It’s no secret that politicians love to score points against their opponents and rivals. You can see the thrill in their eyes. They clearly revel in it. So imagine how embarrassing it must be when they seek to correct or foot-fault an opponent but end up getting their facts wrong and, instead, reveal they don’t know what they’re talking about. This happened so often on Thursday that it exceeded a laughing matter. It seemed almost pathetic.
Most of the mistakes were by the Prime Minister but the Congress, in its riposte, stumbled almost as badly. It all began when the PM used his Karnataka rallies to claim that the Congress had humiliated important sons of the state like Gen. K.S. Thimayya and Field Marshal K.M. Cariappa. To reveal the multiple errors he made, let’s see what the PM said about each of these officers and then compare that to the actual facts.
First, speaking about Gen. Thimayya, the PM said: “1948 mein Pakistan se yudh jeeta... General Thimayyaji ke netritv mein. Lekin us parakram ke baad, Kashmir ko bachane waale General Thimayya ka us samay ke Pradhan Mantri Nehru, aur us samay ke Raksha Mantri Krishna Menon ne baar baar apmaan kiya tha. Aur isi kaaran, General Thimayya ko apne pad se samman ke khatir isteefa dena pada tha.” (In 1948, it was under... Gen. Thimayya’s leadership that the war against Pakistan was won. But after that victory, the saviour of Kashmir, Gen. Thimayya, was repeatedly insulted by then Prime Minister Nehru and then defence minister Krishna Menon. And it was for this reason, his honour, that Gen. Thimayya had to resign from his post.)
Unfortunately, there’s very little in this statement that’s actually correct. In 1948 Gen. Thimayya was not Army Chief. That was Gen. Roy Bucher. At the time Thimayya was a divisional commander with the rank of major-general. He first headed the Jammu and Kashmir Force and then Sri Div. Above him was the corps commander, Lt. Gen. S.M. Shrinagesh, and the Western Army commander, Lt. Gen. Cariappa. Second, though it’s correct Gen. Thimayya played a critical role in the Kashmir war, he wasn’t then or shortly thereafter humiliated by either the then PM or Krishna Menon. Third, Mr Modi is wrong in claiming Krishna Menon was defence minister in 1948. That was Sardar Baldev Singh.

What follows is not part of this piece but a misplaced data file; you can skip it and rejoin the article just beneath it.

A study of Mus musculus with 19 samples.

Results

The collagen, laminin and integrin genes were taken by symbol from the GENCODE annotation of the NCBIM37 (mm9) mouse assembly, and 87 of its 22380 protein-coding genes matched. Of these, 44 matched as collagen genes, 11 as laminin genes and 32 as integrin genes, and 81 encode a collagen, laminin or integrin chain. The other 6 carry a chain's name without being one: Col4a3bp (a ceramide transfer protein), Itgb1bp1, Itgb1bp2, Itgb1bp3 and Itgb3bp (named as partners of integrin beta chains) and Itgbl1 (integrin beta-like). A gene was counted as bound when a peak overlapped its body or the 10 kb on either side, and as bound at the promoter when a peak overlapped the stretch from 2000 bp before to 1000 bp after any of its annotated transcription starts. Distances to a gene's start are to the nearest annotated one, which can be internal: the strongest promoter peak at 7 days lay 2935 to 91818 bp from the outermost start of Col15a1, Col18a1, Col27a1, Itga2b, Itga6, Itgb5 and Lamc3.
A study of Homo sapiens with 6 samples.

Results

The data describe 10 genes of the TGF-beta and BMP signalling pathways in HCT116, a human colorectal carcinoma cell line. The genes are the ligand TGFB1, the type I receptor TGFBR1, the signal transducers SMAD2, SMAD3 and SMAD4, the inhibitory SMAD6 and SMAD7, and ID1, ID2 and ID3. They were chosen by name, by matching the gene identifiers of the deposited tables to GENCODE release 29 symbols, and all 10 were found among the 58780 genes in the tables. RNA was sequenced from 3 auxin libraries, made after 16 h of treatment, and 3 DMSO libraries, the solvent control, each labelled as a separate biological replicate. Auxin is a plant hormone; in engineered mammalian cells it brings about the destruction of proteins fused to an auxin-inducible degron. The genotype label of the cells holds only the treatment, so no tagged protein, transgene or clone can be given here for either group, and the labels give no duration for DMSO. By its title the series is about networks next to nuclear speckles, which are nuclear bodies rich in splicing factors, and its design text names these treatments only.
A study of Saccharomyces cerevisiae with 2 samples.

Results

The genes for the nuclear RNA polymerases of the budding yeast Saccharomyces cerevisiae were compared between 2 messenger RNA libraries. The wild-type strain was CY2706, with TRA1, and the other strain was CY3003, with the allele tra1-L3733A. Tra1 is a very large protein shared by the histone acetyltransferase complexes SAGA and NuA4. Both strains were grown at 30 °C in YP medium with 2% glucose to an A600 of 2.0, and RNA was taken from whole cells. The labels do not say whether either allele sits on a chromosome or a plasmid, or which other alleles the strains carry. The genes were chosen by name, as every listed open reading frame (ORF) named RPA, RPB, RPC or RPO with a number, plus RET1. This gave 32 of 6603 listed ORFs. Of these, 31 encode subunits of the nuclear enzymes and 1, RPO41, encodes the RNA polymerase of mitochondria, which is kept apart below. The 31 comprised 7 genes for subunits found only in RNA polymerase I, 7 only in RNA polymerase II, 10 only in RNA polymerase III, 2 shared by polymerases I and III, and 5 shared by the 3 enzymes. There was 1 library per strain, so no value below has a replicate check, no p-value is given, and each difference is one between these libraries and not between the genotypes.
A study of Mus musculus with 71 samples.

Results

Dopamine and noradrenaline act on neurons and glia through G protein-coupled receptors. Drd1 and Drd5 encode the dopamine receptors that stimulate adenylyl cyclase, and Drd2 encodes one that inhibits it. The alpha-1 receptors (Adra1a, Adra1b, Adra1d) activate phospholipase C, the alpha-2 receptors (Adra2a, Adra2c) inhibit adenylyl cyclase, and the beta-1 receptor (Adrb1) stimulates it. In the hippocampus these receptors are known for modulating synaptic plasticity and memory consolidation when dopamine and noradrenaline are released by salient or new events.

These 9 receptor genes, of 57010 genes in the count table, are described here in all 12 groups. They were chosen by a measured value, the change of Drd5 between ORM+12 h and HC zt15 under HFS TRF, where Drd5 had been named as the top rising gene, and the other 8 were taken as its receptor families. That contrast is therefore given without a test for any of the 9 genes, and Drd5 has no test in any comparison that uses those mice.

In fact, a cursory look at Thimayya’s career shows how the Nehru government rewarded him for his good work. In 1953 Nehru appointed him to head the United Nations Neutral Nations Repatriation Commission in Korea, a very prestigious appointment.
After he distinguished himself in this post, the Nehru government awarded him a Padma Bhushan in 1954. Three years later he became Army Chief, allegedly superseding two officers, Lt. Gens. Sant Singh and Kulwant Singh.
There’s no doubt that while serving as Army Chief in 1959 he had differences with the government over its reluctance to accept Pakistan President Ayub Khan’s offer of a Joint Defence Arrangement and offered to resign, but Nehru persuaded him to withdraw his resignation and Thimayya did so. He continued as Army Chief till May 1961.
Unfortunately, while trying to set the record straight, Congress spokesperson Randeep Surjewala made glaring mistakes of his own. In a tweet reported by NDTV, that apparently he soon deleted, Mr Surjewala claimed from 1957 to 1962 Thimayya was Indian high commissioner in Britain. Those, in fact, were almost his exact dates as Army Chief in Delhi. The high commissioner was, of course, V.K. Krishna Menon.
Now let’s come to what the PM said about Field Marshal Cariappa and how he also got that wrong. The PM claimed: “Field Marshal Cariappa, 1962, Bharat aur China ki ghatna, aaj bhi itihas ki tawarikh mein darj hai aur unke saath, Field Marshal Cariappaji ke saath kya vyavahar kiya gaya…” (Field Marshal Cariappa, 1962, India-China war, is in the annals of recorded history. How he was treated, Field Marshal Cariappaji…). Once again, this is almost entirely wrong.
Gen. Cariappa was not Army Chief during the 1962 India-China war. He had retired nine years earlier. In fact, it was his fourth successor who was Army Chief when the war broke out.
As for the suggestion that Cariappa was badly treated by Congress governments, the facts suggest otherwise. Although Nehru and Cariappa had differences in 1951 over the fact that the latter, as Army Chief, would often air political views, at the end of his four-year term he was sent as high commissioner to Australia, thus starting a tradition of posting retired Army chiefs as ambassadors that continued into the 1980s.
More important, 33 years after his retirement, Rajiv Gandhi promoted Cariappa to Field Marshal. Given that Field Marshals technically never retire but remain on the active list, this also meant Rajiv Gandhi broke with Army convention to elevate Cariappa after over three decades of retirement. No one could have conferred a greater honour.
So what’s the conclusion? Clearly in his enthusiasm to suggest Congress governments have ill-treated the military heroes of Karnataka, the PM has got practically all his facts wrong and ended up embarrassing himself. If only Mr Surjewala had kept quiet, the mistakes would have been entirely on one side.
But how lucky Mr Modi is that most newspapers and television channels didn’t pick up on his errors and make merry with them. I suspect that’s because they didn’t realise these were dreadful mistakes.